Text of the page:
Richard Sopris in Early Denver
by Linda Bjorklund
History Press 2016, 138 pages
ISBN 978.1 46713.593.1
Reviewed by Forrest Whitman
Richard Sopris is one of the least known of the early Colorado influential leaders. This book should help correct that. A “fifty-niner,” arriving during the 1859 gold rush, he was one of the earliest miners and explored many possible gold panning streams. He “discovered” Glenwood Springs and a mountain near there is named for him.
Sopris is best remembered as mayor of Denver from 1878 to 1881. During that time he worked to develop a park system and is best known for establishing City Park. He went on to be one of the founders of the Colorado Historical and Natural History Society (what today is History Colorado and the Natural History Museum). Wherever the action was, Sopris was in it or around it.
Particularly interesting are several accounts of early Denver. The “Bummers wars” were wild affairs. This group of ruffians fought with the vigilance committees during the so-called “turkey wars.” The bummers were quick to steal things, including a cartload of turkeys. This war led to Richard’s career in law enforcement. In 1865 he was elected sheriff of what was then Arapahoe County, Kansas Territory. Later he was put in charge of the Denver jail. He also worked for the new Denver Pacific Railroad that hooked Denver up to the rest of the nation.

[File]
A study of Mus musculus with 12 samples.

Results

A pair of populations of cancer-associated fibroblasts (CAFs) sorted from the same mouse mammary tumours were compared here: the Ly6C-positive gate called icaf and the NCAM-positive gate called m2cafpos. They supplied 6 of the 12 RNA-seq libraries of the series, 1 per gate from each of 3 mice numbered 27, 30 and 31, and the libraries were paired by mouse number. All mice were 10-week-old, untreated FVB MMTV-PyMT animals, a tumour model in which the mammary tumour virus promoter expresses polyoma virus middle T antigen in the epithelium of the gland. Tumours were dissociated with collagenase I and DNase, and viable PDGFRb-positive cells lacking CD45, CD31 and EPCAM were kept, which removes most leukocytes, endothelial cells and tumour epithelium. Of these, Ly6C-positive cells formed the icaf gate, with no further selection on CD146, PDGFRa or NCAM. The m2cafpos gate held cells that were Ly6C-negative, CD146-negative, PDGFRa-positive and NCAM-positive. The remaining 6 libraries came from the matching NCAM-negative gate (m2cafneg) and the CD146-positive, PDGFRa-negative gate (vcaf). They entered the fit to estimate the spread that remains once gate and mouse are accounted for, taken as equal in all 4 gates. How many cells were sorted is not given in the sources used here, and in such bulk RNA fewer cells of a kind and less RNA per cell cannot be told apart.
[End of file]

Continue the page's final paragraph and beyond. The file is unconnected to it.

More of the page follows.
Richard’s military career is little known. He was important at the “Gettysburg of the West,” the battle of Glorietta Pass in 1861. His company of Colorado volunteers, Company C, saw hot action against the confederates. He was always calm and thought strategically.
It’s unfortunate that his son Eldridge, who participated in the massacre at Sand Creek, was not so calm a leader as his father. Eldridge never regretted killing the Indians there, saying: “The right was on the side of the whites.”
Other figures in the long family history are fairly interesting. The feisty Indiana Sopris was named honorary president of the Colorado Pioneers. She was Denver’s first female school teacher. Son Simon worked for the Rocky Mountain News. Son Levi said he was once a farmer, “but now I’m doing nothing.” Daughter Irene taught Sunday school. The titles of these chapters say it all: The rest of the family and And the family tree grows. Probably only genealogical hobbyists will read those.
The general reader may tire a bit of all this family history. It is carefully detailed, however, and Linda Bjorklund has the files to draw on. She lives in Fairplay and edits the newsletter of the Park County Local History Archives. It is a long-lived family, generally. A descendent of Richard Sopris, Betty Farrington, is still very much alive in Buena Vista and is said to be nearly 100.